The Colorado Cancer Plan, unveiled earlier this year, includes a section on comparative oncology, a field that integrates cancers in veterinary patients with general studies of cancer biology and treatment.
It’s a historic first that shines a spotlight on the Flint Animal Cancer Center at Colorado State University. It’s also a nod to increasing awareness about the ability to learn more about cancers in humans by studying companion animals with cancer.
Dogs and humans are 85 percent genetically identical, and almost 400 diseases affect both species in the same way. Animals naturally develop cancer, including brain tumors, lymphoma, bone cancers (known as osteosarcoma) and melanoma.
If we’re treating pets for cancer, could we uncover new information that could help human patients? The answer, CSU veterinarians say, is “yes.”
Colorado’s Emily Brown and her family learned about a cancer drug that was being studied with dogs at CSU in the 1990s. She was only 11 and a patient at Children’s Hospital Colorado when she received a terminal cancer diagnosis in 1997. She had osteosarcoma.
Cancer in Pets: Key facts
- Cancer is the leading cause of death in pets beyond middle age
- 50 percent of cancer in pets is manageable or curable with surgery, chemotherapy, radiation, or a combination
- 1 in 4 dogs and 1 in 5 cats will develop cancer in its lifetime
Source: Flint Animal Cancer Center at Colorado State University
Brown’s physician, Dr. Lia Gore, worked with CSU’s Dr. Stephen Withrow, founder of the Flint Animal Cancer Center. A new treatment developed for dogs with bone cancer showed promise, and Brown received the drug on a compassionate-use basis (since it was not yet approved for use in humans by the U.S. Food and Drug Administration). She has said she believes it saved her life.
“Cancer is cancer,” said Dr. Rodney Page, CSU professor and director of the Flint Animal Cancer Center. “The same mechanisms that result in cancer in humans are operative in dogs, and are operative in other animals as well. The aspect that is valuable — and I believe will continue to grow in its value — is the information that can be gathered through well-done clinical studies in companion animals with naturally occurring cancers.”
Page said that there’s been increasing activity and appreciation for the topic within the last year.
In June 2015, a CSU team led a first-of-its-kind comparative oncology workshop for government regulators, medical doctors and veterinarians. The event was hosted by the National Cancer Policy Forum, which is part of the Institute of Medicine.
Page, who holds the Stephen Withrow Presidential Chair in Oncology at CSU, said veterinarians and oncology experts at the university will soon meet to discuss what’s transpired since the workshop. “There are lots of opportunities that have arisen that wouldn’t have existed without the IOM workshop,” he said.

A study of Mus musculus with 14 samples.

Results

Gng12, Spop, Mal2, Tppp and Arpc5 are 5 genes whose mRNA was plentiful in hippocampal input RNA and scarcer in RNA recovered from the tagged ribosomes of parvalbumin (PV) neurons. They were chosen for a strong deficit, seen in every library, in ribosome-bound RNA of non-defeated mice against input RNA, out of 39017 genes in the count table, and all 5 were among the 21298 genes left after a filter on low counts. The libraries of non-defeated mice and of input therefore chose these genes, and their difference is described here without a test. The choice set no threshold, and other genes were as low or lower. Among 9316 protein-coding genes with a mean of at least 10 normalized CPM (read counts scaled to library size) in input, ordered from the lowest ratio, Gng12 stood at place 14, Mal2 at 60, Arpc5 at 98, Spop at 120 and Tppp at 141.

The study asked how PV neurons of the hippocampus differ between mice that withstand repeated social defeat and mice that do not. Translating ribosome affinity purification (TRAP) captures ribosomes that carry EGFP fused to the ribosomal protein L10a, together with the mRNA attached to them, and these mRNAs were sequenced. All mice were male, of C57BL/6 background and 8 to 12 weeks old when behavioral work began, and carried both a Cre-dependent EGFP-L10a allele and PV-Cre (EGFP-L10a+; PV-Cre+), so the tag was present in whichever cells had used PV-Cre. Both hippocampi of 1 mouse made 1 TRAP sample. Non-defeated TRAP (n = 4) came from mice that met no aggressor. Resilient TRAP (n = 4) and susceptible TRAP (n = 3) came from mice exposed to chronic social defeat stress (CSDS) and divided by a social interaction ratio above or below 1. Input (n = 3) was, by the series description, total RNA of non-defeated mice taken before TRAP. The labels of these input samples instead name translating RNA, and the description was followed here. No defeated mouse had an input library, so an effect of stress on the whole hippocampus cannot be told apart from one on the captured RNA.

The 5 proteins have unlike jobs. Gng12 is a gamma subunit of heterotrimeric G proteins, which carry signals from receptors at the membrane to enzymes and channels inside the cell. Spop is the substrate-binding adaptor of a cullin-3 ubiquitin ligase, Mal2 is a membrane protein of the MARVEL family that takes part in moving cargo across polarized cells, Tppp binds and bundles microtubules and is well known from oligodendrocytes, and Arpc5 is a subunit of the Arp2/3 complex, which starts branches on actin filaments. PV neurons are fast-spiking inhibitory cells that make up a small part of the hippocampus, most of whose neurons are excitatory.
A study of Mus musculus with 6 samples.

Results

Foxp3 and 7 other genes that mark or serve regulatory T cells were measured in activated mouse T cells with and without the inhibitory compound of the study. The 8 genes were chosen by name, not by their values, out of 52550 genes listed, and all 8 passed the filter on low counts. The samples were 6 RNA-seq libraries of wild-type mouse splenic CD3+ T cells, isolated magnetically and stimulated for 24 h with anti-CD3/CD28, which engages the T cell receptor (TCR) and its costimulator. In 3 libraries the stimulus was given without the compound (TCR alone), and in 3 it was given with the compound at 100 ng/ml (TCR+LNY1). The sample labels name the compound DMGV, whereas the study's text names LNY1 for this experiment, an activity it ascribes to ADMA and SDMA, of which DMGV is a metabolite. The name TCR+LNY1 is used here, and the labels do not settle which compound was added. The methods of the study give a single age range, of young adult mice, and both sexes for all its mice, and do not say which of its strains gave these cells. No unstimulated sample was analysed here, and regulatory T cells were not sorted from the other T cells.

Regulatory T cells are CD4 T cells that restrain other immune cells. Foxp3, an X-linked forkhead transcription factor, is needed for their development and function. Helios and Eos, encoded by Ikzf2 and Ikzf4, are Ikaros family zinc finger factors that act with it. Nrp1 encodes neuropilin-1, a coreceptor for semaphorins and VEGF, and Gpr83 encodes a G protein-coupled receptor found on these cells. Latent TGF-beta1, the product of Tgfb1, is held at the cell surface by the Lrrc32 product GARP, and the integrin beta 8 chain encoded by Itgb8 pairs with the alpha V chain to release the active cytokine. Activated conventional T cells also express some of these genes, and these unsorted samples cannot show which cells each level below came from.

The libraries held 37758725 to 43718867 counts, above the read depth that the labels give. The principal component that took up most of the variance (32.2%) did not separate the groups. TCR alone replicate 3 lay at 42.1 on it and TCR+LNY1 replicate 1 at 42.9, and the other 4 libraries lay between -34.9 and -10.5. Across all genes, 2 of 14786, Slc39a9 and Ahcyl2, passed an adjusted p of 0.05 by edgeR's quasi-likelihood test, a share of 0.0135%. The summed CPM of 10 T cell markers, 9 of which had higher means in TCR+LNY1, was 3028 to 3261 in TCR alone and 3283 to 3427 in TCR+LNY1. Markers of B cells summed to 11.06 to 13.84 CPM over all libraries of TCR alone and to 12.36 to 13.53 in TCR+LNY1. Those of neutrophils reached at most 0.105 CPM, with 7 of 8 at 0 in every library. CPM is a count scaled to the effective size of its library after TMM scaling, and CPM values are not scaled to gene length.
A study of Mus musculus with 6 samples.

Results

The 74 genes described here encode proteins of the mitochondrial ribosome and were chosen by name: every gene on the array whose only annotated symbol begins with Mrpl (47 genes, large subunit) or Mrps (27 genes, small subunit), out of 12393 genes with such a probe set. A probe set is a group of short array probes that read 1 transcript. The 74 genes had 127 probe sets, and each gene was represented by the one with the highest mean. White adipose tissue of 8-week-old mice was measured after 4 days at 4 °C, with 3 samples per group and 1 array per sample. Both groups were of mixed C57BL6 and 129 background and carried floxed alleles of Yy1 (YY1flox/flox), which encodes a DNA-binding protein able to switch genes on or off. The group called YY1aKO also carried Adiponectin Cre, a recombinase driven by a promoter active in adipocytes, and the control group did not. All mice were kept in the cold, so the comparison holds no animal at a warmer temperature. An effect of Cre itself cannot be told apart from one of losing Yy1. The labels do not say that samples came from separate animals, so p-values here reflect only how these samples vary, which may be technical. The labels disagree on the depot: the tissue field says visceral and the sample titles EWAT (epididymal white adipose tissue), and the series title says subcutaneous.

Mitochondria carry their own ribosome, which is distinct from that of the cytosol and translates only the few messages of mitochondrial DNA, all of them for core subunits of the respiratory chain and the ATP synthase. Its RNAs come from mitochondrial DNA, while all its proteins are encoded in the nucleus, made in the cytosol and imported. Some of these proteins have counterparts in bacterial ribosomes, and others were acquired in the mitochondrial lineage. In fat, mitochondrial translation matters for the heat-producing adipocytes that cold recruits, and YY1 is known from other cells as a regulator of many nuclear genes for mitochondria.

As further proof that acceptance is growing, the National Cancer Institute recently issued a request for research proposals in canine immunotherapy from designated cancer centers and veterinary medical colleges.
“It’s the first time I can remember a request for proposals to study canine cancer specifically,” Page noted. “One of the major gaps that exist in studying cancer is the characterization of the immune system in dogs that have cancer. This will help close this gap.”
Page and Dr. Dan Theodorescu, director of the University of Colorado Comprehensive Cancer Center, provided briefings on their collaborative work during the recent legislative session in Colorado.
Rep. Joann Ginal, vice-chair of the Health, Insurance and Environment committee and a member of the Public Healthcare and Human Services committee, said the testimonies from the doctors were eye-opening to some of her peers. She’s been familiar with the concept for several years now, after meeting Page.
“My colleagues in the House Joint Health committees were very surprised and impressed at the collaborative work being done between veterinary medicine and medical research,” Ginal said. “They have a great respect and understanding of these collaborative programs and the way we can approach clinical trials for our pets and for patients in new drug discovery.”
Cancer research being conducted in Colorado has “limitless potential” and is both unique and cutting-edge, she added.
“The Cancer Center Consortium should be a model that could be adopted by other states that could work together not just in new research for cancer cures, but in other areas such as diabetes, cardiovascular and neurological disease states,” Ginal said.
Theodorescu said the research and work that’s being done is transformational. “This arrangement enables a collaborative nexus of scientists and clinicians with varied, synergistic and complementary expertise that together can transform cancer medicine and serve as a model for interdisciplinary research and training,” he said.
The CU-led Cancer Center Consortium has nearly 400 members, including CSU, CU Boulder and CU Denver, University of Colorado Hospital, Children’s Hospital Colorado and Denver Veterans Affairs Medical Center.
Ginal, who has a doctorate in reproductive endocrinology from CSU’s College of Veterinary Medicine and Biomedical Sciences, represents eastern and central Fort Collins and parts of unincorporated Larimer County.